When emergency response is made as accessible and efficient as possible, it’s much easier for divers to embrace the culture of dive safety. Divers are more apt to remind each other to be cautious and to watch out for each other with increased vigilance.
A research team experienced a small issue that turned into a big emergency, but DAN provided much-needed support. Read more.
Do not be afraid to raise concerns or suspicions about any aspect of a dive trip. Read one diver’s story of how silence resulted in being stranded at sea for over seven hours.
DAN’s Basic Life Support and First Aid course teaches how to keep people alive during an emergency. However, those skills are translatable in other scenarios, like palliative care.
“Easy saves” could be some last-minute words, a double check or anything that catches you before you dive into a possible bad situation. Read more about one easy save a diver had.
When conditions took an abrupt and unexpected turn during an exotic warm-water dive, our dive leader decided to abort. In these situations, it’s important to stay calm.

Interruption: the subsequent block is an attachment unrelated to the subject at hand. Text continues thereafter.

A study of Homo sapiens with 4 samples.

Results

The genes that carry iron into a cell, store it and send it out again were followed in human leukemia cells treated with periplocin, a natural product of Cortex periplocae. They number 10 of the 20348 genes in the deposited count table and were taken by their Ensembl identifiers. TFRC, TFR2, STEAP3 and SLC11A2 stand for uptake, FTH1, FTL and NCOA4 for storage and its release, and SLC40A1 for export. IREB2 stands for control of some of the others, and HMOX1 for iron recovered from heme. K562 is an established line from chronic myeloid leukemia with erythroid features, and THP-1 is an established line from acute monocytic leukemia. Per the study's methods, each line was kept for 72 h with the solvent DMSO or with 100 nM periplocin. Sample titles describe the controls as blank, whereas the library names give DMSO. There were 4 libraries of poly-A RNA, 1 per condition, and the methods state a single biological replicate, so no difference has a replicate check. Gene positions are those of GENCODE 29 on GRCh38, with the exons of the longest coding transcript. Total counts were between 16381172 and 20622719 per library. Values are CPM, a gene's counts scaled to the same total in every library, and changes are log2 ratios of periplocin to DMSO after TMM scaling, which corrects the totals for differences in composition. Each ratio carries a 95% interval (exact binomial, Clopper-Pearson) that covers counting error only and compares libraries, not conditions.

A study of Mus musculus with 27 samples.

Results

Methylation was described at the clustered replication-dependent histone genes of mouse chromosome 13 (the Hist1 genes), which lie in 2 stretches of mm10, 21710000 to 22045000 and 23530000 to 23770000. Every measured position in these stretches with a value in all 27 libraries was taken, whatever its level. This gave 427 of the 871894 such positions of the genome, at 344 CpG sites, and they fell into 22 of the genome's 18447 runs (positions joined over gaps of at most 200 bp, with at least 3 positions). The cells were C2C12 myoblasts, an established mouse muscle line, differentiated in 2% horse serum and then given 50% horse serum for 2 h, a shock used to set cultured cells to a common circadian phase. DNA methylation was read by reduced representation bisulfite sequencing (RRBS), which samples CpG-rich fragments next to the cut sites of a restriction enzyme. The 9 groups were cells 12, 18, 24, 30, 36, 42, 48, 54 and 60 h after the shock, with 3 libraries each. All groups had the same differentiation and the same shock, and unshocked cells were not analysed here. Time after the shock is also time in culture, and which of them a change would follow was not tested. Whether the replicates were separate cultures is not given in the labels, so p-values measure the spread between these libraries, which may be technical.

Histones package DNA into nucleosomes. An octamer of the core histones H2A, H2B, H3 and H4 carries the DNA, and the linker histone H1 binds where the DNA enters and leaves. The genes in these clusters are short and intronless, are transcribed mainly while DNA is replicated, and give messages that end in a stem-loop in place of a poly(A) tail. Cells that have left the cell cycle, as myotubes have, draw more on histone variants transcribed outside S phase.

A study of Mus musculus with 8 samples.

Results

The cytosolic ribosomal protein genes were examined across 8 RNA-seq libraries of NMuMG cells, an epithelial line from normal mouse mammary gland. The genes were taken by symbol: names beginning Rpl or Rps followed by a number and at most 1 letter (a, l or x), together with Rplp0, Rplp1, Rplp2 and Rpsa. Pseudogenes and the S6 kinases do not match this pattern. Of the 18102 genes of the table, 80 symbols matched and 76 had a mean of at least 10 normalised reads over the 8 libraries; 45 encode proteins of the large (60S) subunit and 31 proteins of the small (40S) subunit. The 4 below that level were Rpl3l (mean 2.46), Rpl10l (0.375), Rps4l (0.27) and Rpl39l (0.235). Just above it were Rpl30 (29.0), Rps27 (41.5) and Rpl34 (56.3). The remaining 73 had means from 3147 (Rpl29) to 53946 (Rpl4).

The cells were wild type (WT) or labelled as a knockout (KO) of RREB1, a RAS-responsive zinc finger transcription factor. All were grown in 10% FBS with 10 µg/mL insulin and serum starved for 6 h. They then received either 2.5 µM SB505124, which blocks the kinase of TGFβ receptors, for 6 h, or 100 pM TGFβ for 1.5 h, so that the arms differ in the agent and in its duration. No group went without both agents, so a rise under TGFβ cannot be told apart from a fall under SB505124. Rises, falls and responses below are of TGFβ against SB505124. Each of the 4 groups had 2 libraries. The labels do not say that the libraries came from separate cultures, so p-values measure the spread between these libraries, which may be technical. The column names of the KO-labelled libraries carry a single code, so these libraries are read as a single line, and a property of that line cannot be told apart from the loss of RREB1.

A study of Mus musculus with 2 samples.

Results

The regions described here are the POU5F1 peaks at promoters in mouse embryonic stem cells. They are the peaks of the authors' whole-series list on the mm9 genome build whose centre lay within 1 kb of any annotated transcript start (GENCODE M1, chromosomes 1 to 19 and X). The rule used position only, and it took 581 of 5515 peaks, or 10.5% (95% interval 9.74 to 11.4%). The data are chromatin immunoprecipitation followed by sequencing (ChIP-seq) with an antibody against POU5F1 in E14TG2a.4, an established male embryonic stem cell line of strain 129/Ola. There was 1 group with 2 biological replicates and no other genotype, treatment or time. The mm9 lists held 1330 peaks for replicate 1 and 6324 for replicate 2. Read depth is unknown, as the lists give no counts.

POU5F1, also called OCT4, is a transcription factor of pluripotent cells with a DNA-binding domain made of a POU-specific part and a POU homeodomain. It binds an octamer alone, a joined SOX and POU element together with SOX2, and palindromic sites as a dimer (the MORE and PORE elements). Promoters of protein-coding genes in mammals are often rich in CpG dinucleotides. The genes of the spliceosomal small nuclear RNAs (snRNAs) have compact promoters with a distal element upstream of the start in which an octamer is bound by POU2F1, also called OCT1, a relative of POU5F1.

Diver Jim surfaced before the rest of his group and unintentionally drifted in the water — separating him from the boat. Read more about how to play an active role in your rescue.
Modern dive computers can give us a wealth of information, but what if yours fails? Equipment redundancy, or having a backup, can help you know your true circumstances and prevent an injury or dangerous situation.
The Blue Lagoon in Texas is a great place for divers to train. In the water, two divers sprang into action to help a diver with shortness of breath. Read more about how their emergency skills paid off.
Although training emphasizes the theoretical aspects of safe freediving, sometimes it takes real-world experience to really make it sink in. Freediving is risky so it is always important to have your skills sharp.